It seems the scientific community has finally caught up with Web 2.0. In August 2007, SciVee – 'the scientist's YouTube' – was launched to allow net-savvy scientists to upload their papers along with 10-minute video presentations that explain the key points of their research, and Facebook now contains numerous groups that discuss the trials and tribulations of implementing laboratory informatics software.
It’s a theme that is evident throughout Scientific Computing World’s Laboratory Informatics Guide 2008 (viewable here): recent developments in technology are permeating the scientific community and changing the tools they use in their daily lives.
In her article discussing the trends evident in informatics software, Siân Harris discovers why many informatics providers are now using technology borrowed from the web to change the way that users interact with ELNs and LIMS systems.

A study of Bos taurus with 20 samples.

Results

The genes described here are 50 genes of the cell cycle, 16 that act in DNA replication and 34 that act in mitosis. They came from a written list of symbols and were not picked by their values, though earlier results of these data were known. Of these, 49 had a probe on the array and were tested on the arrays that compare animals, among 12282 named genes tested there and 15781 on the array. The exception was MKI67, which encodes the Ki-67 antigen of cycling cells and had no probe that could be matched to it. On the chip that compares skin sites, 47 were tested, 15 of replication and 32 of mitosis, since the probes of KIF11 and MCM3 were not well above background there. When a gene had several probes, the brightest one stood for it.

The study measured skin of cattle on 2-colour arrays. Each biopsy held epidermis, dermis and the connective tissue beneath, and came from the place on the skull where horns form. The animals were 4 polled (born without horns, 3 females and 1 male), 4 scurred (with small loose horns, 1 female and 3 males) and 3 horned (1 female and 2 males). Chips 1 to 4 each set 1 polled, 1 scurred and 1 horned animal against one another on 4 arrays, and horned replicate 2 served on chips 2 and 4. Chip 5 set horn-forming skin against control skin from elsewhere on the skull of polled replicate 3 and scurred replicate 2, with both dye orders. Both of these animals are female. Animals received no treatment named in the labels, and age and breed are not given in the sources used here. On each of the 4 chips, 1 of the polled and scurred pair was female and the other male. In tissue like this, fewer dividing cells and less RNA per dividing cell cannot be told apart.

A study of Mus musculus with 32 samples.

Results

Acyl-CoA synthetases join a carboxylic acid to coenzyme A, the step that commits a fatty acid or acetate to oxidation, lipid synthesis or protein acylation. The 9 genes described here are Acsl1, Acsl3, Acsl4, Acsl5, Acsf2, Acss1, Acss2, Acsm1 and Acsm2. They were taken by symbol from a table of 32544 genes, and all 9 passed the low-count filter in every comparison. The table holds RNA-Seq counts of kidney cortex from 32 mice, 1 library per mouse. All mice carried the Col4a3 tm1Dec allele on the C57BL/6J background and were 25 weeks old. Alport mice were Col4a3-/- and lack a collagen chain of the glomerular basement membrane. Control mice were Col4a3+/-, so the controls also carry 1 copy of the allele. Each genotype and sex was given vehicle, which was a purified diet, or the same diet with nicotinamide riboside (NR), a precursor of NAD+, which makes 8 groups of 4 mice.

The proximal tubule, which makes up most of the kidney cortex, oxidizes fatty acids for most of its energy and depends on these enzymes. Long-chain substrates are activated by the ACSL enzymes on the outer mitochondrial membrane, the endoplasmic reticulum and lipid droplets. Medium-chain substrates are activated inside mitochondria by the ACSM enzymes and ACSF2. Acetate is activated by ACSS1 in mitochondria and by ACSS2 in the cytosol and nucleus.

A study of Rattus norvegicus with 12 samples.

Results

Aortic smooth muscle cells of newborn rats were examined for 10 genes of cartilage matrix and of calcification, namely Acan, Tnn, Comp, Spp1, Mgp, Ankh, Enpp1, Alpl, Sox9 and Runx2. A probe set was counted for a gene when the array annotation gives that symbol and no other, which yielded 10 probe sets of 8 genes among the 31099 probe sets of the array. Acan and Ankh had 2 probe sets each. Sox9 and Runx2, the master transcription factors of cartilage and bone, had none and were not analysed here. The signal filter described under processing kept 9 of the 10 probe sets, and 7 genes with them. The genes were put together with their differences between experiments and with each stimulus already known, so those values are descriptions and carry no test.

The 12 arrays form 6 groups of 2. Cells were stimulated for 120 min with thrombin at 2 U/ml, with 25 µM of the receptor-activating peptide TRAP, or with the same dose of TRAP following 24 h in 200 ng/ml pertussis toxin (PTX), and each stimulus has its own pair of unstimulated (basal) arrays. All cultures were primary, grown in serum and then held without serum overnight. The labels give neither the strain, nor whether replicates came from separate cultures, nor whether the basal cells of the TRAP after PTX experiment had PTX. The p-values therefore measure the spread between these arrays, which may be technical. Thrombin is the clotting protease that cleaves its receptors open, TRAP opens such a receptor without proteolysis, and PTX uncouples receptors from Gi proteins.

As we find in 'The changing face of lab informatics' and 'The state of the ELN market in 2007', the lines that divide the different software in an informatics suite seem to be blurring, with many informatics companies providing connectivity among their different components to effect efficient data transfer throughout laboratory processes. These 'open interfaces' can even bridge the gaps between software from different vendors, meaning customers are no longer tied to one company for all their laboratory software. We also examine the way that different industries, including petrochemical companies and utilities, are benefitting from these new systems.
No matter how innovative a new technology is, it frequently creates more problems than it solves, particularly on the question of future-proofing data. Clare Sansom discusses the ways that pharmaceutical companies are archiving their electronic records to protect against changes in software and storage media, so the information can still be read in years to come.